Councillors pass plans for £330m upgrade to Manchester's Town Hall


The Alfred Waterhouse designed Gothic Building opened in 1877 and will be 140 years old next year.

The decision follows a report earlier this summer which found that while  it has been maintained and remains structurally sound, it is now seriously showing its age with many elements reaching the end of their natural lifespans.

 As it was designed in the 1860s, it no longer fully meets modern access and safety standards.

The report found that electrics, plumbing, heating, ventilation and lift installations are in poor condition, reflecting their age. 

As they are embedded in the fabric of the building, replacing them will involve significant building works.

The surveys also found that the condition of the building’s stonework, windows and roof is also deteriorating and will require intervention. The Town Hall also suffers from poor insulation and energy efficiency.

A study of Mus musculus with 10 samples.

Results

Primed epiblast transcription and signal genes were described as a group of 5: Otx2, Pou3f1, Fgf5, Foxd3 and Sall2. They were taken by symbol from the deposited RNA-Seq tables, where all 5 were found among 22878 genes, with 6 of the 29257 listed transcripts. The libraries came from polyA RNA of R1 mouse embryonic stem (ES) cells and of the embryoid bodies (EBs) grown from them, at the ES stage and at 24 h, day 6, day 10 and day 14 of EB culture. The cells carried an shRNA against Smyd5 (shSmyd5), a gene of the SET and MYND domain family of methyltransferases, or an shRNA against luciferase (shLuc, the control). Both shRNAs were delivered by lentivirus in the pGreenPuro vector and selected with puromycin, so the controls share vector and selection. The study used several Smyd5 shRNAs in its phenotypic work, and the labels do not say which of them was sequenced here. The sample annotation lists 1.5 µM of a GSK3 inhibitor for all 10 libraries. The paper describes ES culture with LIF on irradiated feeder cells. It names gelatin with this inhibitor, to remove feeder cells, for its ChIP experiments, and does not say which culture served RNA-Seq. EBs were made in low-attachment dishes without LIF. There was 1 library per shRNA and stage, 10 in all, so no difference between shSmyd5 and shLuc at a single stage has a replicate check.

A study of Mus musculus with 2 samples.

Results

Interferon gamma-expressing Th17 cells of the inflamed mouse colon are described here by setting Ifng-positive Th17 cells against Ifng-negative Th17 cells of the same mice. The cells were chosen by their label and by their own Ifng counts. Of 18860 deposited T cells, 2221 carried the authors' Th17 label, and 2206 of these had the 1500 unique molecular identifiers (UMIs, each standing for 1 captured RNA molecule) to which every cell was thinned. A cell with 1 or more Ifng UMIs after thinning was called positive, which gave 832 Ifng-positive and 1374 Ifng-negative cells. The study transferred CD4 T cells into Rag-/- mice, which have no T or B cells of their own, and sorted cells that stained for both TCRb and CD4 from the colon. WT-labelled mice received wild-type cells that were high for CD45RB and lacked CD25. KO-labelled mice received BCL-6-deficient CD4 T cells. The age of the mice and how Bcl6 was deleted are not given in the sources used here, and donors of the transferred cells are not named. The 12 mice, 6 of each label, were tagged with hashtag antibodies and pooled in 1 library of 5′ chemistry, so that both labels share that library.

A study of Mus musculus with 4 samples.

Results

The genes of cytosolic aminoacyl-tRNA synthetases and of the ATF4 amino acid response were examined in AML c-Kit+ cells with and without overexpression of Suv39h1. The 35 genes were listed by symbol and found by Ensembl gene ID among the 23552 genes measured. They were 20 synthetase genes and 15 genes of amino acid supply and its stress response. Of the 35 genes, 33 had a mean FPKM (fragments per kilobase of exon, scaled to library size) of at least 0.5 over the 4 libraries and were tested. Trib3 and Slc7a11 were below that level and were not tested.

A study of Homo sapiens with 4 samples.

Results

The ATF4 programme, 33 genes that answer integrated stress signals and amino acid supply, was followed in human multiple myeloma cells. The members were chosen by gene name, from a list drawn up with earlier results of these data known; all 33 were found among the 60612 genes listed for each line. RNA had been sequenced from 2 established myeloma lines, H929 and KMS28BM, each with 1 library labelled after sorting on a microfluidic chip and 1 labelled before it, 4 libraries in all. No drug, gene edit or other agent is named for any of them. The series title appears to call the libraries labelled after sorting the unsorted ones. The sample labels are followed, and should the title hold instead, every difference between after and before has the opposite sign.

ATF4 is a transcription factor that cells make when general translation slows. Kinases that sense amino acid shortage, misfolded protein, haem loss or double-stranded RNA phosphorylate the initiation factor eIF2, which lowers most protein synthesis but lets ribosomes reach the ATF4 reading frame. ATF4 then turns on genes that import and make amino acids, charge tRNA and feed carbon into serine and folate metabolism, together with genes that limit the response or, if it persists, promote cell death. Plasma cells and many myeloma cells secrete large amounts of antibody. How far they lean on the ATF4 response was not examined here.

More than 54,000 parts of the building fabric need attention, of which 40 per cent require immediate repair or replacement – a figure which will rise to 85 per cent within five years if action is not taken. 

The cost includes improving Albert Square to ensure it can remain a focal point for popular events such as the Christmas Markets, Manchester International Festival, City Games and events celebrating Manchester sporting successes. 

It is intended that contractors to deliver the scheme will be appointed in the first half of 2017 with investigative works starting in 2018 and repair works starting in 2019 and concluding in 2023.